Garzón's quest for justice crosses a red line in Spain
Judge Baltasar Garzón raised hackles in Spain when he began investigating civil war and Franco-era crimes, ignoring an amnesty law. The effort has effectively ended his career – but started a long-stifled conversation.
Garzón was charged in three separate cases in May 2010 for intentionally abusing his power to subvert justice.Skip to next paragraph
He is in the process of appealing the decision, but many say rehearing his case is highly unlikely in Spain.
The amnesty law case was the last to be decided. Garzón argued that because the crimes were against humanity, he was within the law to investigate them for the same reason that he had been allowed to investigate human rights violations worldwide.
On Feb. 27, the court acquitted him, ruling that while Garzón was wrong to pursue the abuses because doing so violated the amnesty law passed by parliament, he did not break the law "intentionally." The victims had every right to demand the truth about where their relatives are buried, the judges acknowledged, but the courts could not act as a truth commission like those elsewhere.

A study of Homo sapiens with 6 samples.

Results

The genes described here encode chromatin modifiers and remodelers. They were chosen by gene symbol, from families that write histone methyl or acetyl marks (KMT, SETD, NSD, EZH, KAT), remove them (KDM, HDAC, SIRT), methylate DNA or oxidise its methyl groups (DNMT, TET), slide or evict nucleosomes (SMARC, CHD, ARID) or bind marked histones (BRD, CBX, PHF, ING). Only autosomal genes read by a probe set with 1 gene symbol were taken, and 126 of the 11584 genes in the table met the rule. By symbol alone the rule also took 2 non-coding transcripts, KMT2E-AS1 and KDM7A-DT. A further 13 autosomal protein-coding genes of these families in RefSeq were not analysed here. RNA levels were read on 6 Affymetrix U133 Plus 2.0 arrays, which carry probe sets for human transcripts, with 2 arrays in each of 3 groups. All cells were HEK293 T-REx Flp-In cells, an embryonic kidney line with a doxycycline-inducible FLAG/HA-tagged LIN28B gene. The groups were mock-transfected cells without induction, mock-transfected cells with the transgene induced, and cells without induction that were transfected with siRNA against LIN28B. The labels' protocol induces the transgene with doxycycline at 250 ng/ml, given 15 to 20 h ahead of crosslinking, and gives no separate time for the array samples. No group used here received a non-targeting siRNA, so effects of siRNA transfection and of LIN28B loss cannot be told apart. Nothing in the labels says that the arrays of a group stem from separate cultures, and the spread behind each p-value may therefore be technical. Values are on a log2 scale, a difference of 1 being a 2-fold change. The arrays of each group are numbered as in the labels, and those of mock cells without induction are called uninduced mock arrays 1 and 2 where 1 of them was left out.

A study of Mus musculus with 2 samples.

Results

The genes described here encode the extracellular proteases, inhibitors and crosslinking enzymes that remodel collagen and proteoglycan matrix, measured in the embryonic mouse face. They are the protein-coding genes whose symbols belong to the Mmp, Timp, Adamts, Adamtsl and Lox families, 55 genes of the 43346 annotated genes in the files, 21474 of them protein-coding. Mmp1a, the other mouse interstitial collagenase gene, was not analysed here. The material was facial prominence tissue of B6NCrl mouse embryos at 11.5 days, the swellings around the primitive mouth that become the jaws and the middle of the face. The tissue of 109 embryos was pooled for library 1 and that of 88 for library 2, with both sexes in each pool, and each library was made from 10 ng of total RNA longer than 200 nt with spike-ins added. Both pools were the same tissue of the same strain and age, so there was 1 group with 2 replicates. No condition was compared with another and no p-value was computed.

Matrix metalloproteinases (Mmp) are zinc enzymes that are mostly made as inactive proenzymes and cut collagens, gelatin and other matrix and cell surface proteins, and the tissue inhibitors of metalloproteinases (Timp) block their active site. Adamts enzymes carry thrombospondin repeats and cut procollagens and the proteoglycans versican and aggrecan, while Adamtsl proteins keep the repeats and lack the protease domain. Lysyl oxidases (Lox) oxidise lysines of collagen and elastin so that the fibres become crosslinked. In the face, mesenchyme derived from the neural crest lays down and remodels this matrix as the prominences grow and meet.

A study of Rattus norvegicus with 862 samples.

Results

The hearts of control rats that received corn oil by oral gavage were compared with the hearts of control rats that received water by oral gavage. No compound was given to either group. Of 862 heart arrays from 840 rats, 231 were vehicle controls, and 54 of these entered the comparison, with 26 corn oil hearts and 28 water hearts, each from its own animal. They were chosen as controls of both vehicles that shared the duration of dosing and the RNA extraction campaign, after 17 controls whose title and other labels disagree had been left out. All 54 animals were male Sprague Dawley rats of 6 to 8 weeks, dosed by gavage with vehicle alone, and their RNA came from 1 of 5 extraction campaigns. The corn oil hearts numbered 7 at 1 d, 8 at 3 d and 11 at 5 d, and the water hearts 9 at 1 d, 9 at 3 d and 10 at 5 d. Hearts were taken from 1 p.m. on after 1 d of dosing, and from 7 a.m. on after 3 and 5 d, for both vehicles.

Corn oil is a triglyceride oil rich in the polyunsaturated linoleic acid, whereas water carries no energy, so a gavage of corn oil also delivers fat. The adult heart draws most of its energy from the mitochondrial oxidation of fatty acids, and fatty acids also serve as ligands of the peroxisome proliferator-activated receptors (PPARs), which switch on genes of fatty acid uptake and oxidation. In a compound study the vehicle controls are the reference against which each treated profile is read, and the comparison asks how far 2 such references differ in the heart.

Although Garzón was rebuked for his investigation, the ruling left the door open to further investigation by suggesting that parliament could overturn or reform the amnesty law.
Little desire to reopen wounds
It's all but impossible for that to happen anytime soon. The Popular Party, which has accused Garzón of using his post to pursue a political agenda, is in power for almost four more years. More important, society is in no rush to seek justice.
In a 2008 survey, almost 45 percent of Spaniards opposed an independent commission investigating civil war crimes; 39 percent supported it. The split is 42 percent to 40 percent when it comes to investigating Franco-era crimes. The same survey, though, also showed 50 percent support for identifying buried remains, with 27 percent against.
"The vast majority of Spaniards accept that an amnesty was just the price to pay for democracy," says José Álvarez Junco, one of Spain's most respected historians. "Garzón didn't accomplish much, other than media upheaval. Things are still where he left them."
Few victims and victimizers from that decades-ago period are still alive. While most agree that the identities of those still buried will eventually be discovered, it seems increasingly unlikely that anyone will be prosecuted.
Garzón's verdict, while a setback to those who want to pursue the Franco-era crimes, is just part of the process, says Mr. Silva, whose father's remains were the first to be positively identified by DNA testing.
"Justice doesn't come easy," he says. "We will exhaust all instances to get the truth and this was one of them."